Homemade organic lawn fertilizers are a practical and responsible alternatives to store-bought synthetics. Many household waste products and ingredients can be used to produce a healthy, beautiful lawn. Although natural fertilizers do not have the same quick result as synthetic fertilizers, they generally take longer to break down, nourishing the grass over a longer period and improving the soil quality.
Epsom salts are made of the natural mineral magnesium sulfate. By itself or dissolved in water, Epsom salt is an excellent soil additive because it provides soil with the useful trace chemicals sulfur and magnesium. When combined with other ingredients, however, it becomes even more useful. Blend 2 cups of water, 1 cup dark beer, 1 cup Epsom salt and 1 cup ammonia to create a fertilizer that will aerate and nourish the turf. Apply the fertilizer evenly to the yard with a hose-end sprayer. One batch should cover 400 to 600 square feet.
All Purpose Fertilizer
Steve Solomon from Mother Earth News offers an excellent all purpose fertilizer that can be used for lawns and crops. Mix by volume 16 parts of seed meal, 1 part of finely ground agricultural lime, 2 parts of dolomitic lime, 2 parts of ground gypsum, 2 parts of kelp and 4 parts of bone meal. Fertilize the lawn lightly at the very beginning of the growing season, using about 4 quarts of the fertilizer per 100 square feet. Use a broadcast, drop or other type of garden spreader to distribute it, then water the lawn to help the fertilizer sink in.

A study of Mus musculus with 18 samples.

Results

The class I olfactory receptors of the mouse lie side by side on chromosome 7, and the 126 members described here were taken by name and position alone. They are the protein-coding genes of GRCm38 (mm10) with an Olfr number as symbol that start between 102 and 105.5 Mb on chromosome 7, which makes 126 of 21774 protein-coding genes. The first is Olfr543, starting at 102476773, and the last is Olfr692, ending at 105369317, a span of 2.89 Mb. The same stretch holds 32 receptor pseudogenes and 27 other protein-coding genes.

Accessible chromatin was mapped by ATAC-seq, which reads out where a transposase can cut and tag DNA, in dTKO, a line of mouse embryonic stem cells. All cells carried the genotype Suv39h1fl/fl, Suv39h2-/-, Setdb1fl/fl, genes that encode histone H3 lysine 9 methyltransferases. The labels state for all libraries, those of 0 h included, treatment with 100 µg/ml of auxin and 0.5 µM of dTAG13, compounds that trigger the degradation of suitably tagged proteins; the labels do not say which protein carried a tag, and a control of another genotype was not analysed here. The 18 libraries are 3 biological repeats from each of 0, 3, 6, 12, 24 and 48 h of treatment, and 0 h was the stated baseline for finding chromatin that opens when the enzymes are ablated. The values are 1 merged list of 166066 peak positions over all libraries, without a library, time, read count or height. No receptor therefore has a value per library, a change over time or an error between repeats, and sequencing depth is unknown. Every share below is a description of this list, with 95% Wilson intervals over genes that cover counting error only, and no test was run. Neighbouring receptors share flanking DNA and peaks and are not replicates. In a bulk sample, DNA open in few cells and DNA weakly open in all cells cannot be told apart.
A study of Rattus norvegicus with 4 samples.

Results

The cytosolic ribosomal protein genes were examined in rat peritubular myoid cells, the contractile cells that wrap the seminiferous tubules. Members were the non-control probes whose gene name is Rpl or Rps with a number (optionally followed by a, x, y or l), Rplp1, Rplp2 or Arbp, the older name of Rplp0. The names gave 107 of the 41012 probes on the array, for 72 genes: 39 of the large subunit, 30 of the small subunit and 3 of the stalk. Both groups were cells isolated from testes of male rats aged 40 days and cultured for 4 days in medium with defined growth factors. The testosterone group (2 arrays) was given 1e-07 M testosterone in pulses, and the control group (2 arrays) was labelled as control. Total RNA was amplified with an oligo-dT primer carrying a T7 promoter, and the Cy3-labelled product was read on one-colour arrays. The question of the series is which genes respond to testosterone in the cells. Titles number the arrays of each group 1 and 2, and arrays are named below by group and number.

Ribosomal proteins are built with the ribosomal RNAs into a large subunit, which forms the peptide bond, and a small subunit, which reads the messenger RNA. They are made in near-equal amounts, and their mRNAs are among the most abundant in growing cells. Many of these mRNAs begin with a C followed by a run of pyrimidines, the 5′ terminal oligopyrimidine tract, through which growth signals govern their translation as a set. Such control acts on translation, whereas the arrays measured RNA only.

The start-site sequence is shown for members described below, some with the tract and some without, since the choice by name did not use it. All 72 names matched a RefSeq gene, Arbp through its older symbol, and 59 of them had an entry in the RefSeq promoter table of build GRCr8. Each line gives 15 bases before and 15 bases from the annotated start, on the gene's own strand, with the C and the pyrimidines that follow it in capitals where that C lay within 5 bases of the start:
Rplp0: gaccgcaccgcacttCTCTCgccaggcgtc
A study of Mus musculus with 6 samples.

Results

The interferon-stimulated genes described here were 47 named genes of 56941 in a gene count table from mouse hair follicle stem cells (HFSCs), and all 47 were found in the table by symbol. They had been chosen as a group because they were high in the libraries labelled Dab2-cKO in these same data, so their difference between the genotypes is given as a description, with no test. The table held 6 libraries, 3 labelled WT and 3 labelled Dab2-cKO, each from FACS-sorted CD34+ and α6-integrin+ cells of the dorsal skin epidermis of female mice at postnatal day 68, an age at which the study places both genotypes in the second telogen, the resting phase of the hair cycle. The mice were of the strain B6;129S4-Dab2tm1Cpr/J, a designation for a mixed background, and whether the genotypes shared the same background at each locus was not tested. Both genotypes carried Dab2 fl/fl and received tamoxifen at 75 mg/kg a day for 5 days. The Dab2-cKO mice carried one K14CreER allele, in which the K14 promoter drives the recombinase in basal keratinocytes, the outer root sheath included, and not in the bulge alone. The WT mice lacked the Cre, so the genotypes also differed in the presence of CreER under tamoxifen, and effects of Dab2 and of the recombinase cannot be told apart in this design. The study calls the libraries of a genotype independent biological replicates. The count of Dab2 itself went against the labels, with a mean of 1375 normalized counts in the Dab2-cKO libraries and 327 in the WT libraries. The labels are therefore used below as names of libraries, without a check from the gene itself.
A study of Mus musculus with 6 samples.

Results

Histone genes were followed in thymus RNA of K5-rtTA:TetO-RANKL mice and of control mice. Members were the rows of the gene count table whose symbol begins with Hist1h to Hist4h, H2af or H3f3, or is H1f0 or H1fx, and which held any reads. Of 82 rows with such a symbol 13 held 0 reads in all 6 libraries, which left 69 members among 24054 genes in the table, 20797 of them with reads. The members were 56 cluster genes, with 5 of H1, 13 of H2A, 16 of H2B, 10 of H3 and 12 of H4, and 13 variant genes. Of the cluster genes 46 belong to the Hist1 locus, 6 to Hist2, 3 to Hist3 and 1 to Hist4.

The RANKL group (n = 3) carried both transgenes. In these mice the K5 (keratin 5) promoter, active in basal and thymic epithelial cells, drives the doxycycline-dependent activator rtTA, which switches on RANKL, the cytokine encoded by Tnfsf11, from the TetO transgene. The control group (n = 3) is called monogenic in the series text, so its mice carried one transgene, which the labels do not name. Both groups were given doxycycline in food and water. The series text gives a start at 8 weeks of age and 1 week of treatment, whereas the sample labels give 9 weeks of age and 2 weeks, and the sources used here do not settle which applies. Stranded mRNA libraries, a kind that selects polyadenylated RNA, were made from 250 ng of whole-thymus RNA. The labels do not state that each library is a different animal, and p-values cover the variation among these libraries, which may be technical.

For those with a strong stomach and a commitment to growing healthy, organic grass, the Organic Lawn Guys propose tea fertilizer. Cut a 3- by 3-foot square of burlap and place about 5 quarts of manure in the center. Alternately, put the manure inside a burlap sack. Carefully fold in and tie the four corners of the fabric together, forming a sack. Place the sack into a 5-gallon bucket, pour in 3 gallons of water and put the bucket out in the sun, preferably downwind. Allow the fertilizer brew for about a week. Remove the sack and discard it. You now have "tea" fertilizer. Dillute it with water to a concentration of 1 cup per gallon and spray it evenly over the lawn.